CHARLOTTESVILLE, Va. (CN) – Lawyers for the victims of a violent rally two years ago in Charlottesville, Virginia, have asked a federal judge to stop a high-profile white nationalist from threatening them or their clients online.
Christopher Cantwell is one of many defendants in a civil lawsuit blaming the event’s violence on alt-right, neo-Nazi and other white nationalist groups. Over 30 people were injured at the Aug. 12, 2017, rally and one counterprotester, Heather Heyer, was killed.
Cantwell, who hosts white nationalist podcasts and is well-known in hate group circles, earned the nickname “the crying Nazi” from a tear-filled rant after the rally in which he wept about learning he had a warrant out for his arrest.
The so-called Unite the Right event took place after Charlottesville announced its intention to remove a statue of Confederate General Robert E. Lee from a centrally located public park. Members of several hate groups descended on the small college town, hosting a torch-lit march on campus the night before. The next day ended with a bloody row that has left the town shaken to this day.
President Donald Trump famously said there were good people “on both sides,” and his continued unwillingness to condemn white nationalism has been seen as a catalyst for Cantwell and others who, despite criminal and civil prosecution, continue to share hate-filled messages digitally.
In a motion filed Tuesday, attorneys for the rally victims pointed to some of those online conversations Cantwell and others had in recent months that they say will encourage more violence and harm their clients’ case.
Among the cited conversations were comments posted on a story about one of the plaintiffs’ attorneys, Roberta Kaplan, which highlighted her past legal work fighting to legalize same-sex marriage.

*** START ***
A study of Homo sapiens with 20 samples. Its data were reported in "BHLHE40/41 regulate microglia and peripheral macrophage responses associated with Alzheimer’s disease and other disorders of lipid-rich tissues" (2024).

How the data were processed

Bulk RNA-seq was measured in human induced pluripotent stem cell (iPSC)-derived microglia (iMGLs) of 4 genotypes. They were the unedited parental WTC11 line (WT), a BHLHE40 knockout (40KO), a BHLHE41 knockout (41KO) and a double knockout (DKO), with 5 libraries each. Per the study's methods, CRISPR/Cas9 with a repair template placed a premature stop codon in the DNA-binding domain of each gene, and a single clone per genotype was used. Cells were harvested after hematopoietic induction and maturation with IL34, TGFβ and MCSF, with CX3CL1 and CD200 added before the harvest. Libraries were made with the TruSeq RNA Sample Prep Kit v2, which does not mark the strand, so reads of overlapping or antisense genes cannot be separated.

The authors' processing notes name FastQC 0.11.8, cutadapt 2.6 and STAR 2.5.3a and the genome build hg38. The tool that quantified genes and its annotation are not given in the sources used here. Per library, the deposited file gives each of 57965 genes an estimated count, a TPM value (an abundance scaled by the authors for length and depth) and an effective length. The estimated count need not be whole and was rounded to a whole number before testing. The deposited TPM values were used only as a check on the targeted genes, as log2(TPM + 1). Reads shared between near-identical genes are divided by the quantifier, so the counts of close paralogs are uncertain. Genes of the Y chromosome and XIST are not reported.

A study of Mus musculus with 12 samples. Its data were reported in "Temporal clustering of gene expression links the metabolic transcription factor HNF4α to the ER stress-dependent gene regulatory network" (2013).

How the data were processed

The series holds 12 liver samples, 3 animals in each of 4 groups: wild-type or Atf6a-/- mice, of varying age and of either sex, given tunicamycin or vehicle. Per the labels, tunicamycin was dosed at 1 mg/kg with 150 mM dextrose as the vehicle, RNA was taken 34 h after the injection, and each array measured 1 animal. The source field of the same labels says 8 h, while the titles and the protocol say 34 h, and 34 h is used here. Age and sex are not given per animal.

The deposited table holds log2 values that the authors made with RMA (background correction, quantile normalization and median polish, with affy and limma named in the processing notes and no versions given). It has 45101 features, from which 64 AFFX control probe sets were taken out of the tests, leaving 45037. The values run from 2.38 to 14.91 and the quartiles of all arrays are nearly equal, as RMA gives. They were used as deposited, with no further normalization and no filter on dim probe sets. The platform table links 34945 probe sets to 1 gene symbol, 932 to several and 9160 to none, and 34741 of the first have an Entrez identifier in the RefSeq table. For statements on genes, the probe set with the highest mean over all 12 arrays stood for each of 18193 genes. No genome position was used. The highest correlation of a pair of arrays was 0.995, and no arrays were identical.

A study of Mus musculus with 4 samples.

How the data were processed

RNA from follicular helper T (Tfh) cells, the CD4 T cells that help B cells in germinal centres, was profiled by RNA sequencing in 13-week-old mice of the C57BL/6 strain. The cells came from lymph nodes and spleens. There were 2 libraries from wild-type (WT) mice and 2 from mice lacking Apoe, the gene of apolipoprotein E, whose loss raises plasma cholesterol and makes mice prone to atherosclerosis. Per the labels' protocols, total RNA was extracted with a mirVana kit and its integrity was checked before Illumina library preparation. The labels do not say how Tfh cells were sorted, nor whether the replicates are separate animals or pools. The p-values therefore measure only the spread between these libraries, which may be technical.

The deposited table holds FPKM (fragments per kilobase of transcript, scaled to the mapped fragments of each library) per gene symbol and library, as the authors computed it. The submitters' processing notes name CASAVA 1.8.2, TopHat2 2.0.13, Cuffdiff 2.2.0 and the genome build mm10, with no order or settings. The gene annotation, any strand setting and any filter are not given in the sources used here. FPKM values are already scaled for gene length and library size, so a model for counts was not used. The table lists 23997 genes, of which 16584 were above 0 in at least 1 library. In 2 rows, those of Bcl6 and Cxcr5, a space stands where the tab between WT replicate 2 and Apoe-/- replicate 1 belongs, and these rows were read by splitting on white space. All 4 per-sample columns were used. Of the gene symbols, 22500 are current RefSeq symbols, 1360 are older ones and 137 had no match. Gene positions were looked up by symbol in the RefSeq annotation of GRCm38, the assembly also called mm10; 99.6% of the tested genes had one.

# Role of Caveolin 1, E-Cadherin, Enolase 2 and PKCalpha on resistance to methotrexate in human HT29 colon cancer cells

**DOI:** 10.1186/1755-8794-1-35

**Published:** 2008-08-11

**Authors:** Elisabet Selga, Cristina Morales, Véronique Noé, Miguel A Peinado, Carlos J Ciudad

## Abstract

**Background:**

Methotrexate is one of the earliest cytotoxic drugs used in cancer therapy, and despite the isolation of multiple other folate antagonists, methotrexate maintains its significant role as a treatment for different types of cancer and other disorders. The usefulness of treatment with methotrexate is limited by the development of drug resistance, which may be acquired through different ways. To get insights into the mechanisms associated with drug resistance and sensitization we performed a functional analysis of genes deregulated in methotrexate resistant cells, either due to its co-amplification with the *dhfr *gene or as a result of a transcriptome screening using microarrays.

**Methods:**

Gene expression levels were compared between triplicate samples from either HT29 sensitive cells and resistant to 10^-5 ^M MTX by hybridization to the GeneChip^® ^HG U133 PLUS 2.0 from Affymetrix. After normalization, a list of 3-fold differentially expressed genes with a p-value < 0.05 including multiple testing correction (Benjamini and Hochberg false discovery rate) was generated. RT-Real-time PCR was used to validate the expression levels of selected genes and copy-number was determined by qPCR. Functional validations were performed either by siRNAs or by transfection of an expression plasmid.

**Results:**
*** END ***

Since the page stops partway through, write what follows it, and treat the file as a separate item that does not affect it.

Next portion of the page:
“After this stupid kike whore loses this fraudulent lawsuit, we’re going to have a lot of fucking fun with her,” Cantwell wrote, according to the motion filed in Charlottesville federal court.
The filing goes on to say Cantwell has a history of violence made clear by his role in organizing the Unite the Right event. Days after the rally, he was charged with one count of malicious bodily injury by means of a caustic substance and two felony counts of illegal use of tear gas.
Cantwell, a New Hampshire resident, served no jail time and instead took a plea deal on lesser assault charges, which banned him from coming to Virginia for five years.
The plaintiffs’ attorneys argue Cantwell’s continued online threats pose a danger not only to Kaplan, but to the rally victims and the case as a whole.
“Plaintiffs have a right to a fair trial, but that right will be jeopardized if their counsel continues to be subject to unlawful threats from the defendants.” The motion states. “Indeed, Cantwell may well be making such a threat precisely to imperil that right. The court need not, and indeed should not, wait for Cantwell to act on his words.”
Requests for comment from Cantwell’s attorney, Elmer Woodard of Blairs, Virginia, were not immediately returned, but Cantwell told the Associated Press that the lawsuit is a “fraud” and Kaplan “is literally claiming that our ‘ideology’ caused someone else to commit a crime, and that I am somehow liable for this.”
James Alex Fields Jr., the Ohio man who drove to the Charlottesville rally and used his car to barrel through a crowd of counterprotestors, killing Heyer, was sentenced last week to life in prison on hate crime charges.